Friday 5:30 pm
The decision is made to study off campus for an organic chemistry exam. The goal is to avoid as much student contact and social influence as possible.
Okay, yeah I can do this. I’m gonna treat myself to a nice dinner and take pride in being friendless and anti-social on a Friday night.
Just finished off the last lick of broccoli cheddar soup at the local Panera.
Okay, this isn’t so bad. There are still humans in the vicinity. Good job, Olivia. I’m proud of you. You don’t need a party to reinforce your self-esteem. No, that’s silly.
The sun starts to set. The prime-time wave of customers is beginning to die down.
Man, it’s still not dark yet? How long have I been here? (checks phone) Only an hour are you kidding?
The restaurant begins to clear out. I’m left sitting surrounded by empty tables and ink filled sheets of organic molecules.
Definitely in the home stretch. My roommates have most likely started partying. There’s no way I can go home now. I won’t let them sway me. I’ve just got to push through ‘til close.
Significant amounts of zoning out have started to ensue over the pages of my textbook. Alcohols, ethers, various dehydration reactions become stained in the black behind my eyelids. They haunt me. Only a worker is left clearing off the remaining tables. Just me, him, and the remnants of my dignity.
I park the car and begin the cold walk to my apartment. My eyes are bloodshot from staring at practice problems for too long. My hair is slicked back in a greasy ponytail. No one should see me like this. I hang my head low as I try to block out the flocks of freshly intoxicated 20-somethings. I know they see me (and the backpack), but they, seemingly uncomfortable, look away. I hear faint whispers as I power walk out in front of them, fragments of comments like “That sucks” and “wouldn’t want to be her”. I make eye contact with one of my friends heading to bars and she reveals a pitiful frown. I quickly avert my gaze.
As I walk up to my apartment door all of my roommates simultaneously pile out the door and give a tipsy hello. They ask me where I’ve been and snicker at my disheveled state.
I give a pained “’I have an orgo exam Monday.” This is followed by sugar-coated sympathy from the perfumed and perfectly put together crowd. I wave them on, wishing them a night of fun and slug inside. My backpack is so full with textbooks it has me bent over like I’m Quasimodo. I guess this is the pre-med walk of shame… the lonely walk back to my room in a now silent apartment. There’s no smiling, no laughter except maybe an imaginary echo coming from the practice exam that mocks me inside my backpack. The only libations that I’ll be hangin’ with tonight is the reactions I work out involving CH3CH2OH.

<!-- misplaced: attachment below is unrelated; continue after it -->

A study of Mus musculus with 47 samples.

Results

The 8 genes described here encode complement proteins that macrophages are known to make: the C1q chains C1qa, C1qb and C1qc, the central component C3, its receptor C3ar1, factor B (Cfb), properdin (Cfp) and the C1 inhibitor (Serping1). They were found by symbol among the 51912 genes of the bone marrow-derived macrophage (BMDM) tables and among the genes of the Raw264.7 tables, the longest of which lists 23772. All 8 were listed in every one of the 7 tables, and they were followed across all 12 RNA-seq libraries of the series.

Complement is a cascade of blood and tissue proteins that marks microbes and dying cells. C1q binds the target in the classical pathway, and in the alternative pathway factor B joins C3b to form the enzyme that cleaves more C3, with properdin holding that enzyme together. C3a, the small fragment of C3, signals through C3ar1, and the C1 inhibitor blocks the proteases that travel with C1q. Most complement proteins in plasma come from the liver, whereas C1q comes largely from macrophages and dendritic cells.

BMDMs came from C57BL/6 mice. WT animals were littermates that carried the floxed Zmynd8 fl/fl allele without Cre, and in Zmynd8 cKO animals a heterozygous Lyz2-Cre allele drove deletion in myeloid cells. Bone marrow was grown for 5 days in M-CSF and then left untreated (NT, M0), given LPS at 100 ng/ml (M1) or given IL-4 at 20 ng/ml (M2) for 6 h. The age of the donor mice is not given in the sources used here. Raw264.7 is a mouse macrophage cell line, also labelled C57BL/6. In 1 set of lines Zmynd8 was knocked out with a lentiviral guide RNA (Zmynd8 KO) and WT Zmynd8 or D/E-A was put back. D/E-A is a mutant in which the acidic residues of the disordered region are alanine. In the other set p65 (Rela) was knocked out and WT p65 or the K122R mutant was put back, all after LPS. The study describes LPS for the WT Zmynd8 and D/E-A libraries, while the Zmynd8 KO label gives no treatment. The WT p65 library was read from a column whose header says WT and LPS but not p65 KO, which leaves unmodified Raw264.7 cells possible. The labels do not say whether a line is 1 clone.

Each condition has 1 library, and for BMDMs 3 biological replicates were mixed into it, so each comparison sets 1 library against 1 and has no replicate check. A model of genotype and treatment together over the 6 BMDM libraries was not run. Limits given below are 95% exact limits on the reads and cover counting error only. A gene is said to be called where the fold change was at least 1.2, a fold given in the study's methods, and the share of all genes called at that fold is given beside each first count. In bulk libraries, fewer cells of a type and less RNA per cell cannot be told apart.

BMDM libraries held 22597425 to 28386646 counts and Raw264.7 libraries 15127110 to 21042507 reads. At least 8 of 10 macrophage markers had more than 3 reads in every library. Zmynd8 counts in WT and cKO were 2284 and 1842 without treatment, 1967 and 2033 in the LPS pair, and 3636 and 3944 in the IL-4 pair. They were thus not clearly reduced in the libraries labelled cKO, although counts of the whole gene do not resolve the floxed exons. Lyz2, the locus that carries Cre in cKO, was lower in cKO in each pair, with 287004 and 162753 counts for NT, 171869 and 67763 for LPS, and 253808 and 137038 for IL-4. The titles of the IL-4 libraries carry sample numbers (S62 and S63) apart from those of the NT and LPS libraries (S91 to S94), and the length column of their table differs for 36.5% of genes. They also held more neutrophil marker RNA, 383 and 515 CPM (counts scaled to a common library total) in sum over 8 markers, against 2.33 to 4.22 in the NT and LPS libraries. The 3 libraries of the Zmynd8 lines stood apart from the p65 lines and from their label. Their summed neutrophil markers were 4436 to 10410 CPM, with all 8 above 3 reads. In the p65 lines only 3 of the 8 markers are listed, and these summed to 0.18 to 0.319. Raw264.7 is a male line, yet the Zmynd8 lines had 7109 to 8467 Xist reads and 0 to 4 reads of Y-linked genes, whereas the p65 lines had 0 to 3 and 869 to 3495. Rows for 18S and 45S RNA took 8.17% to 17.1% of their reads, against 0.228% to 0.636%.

But no, I shouldn’t think like this.
No, no. These are the nights I have to push through so that one day, every day, I can live my dream. For that, Friday nights are a small price to pay. With my future in sight I straighten up, feeling the weight of my GPA on my shoulders. Suddenly, my walk of shame becomes what I like to call the “stride of pride”- and when my head hits the pillow at 1:39 am, I’m not embarrassed one bit.
About Olivia Lacny
Olivia is in her third year at the University of Virginia. She is majoring in Psychology and is very involved in activities on campus. Not only is she an active member of Kappa Delta sorority, but also is involved in the Peer Health Education program, a selective and competitive club at UVA that educates other organizations and student groups on campus about college-related issues such as nutrition, drugs/ alcohol, sexual health, and mental health. She, along with a few fellow students, launched a chapter at UVA for the National Alliance on Mental Illness of which she is President.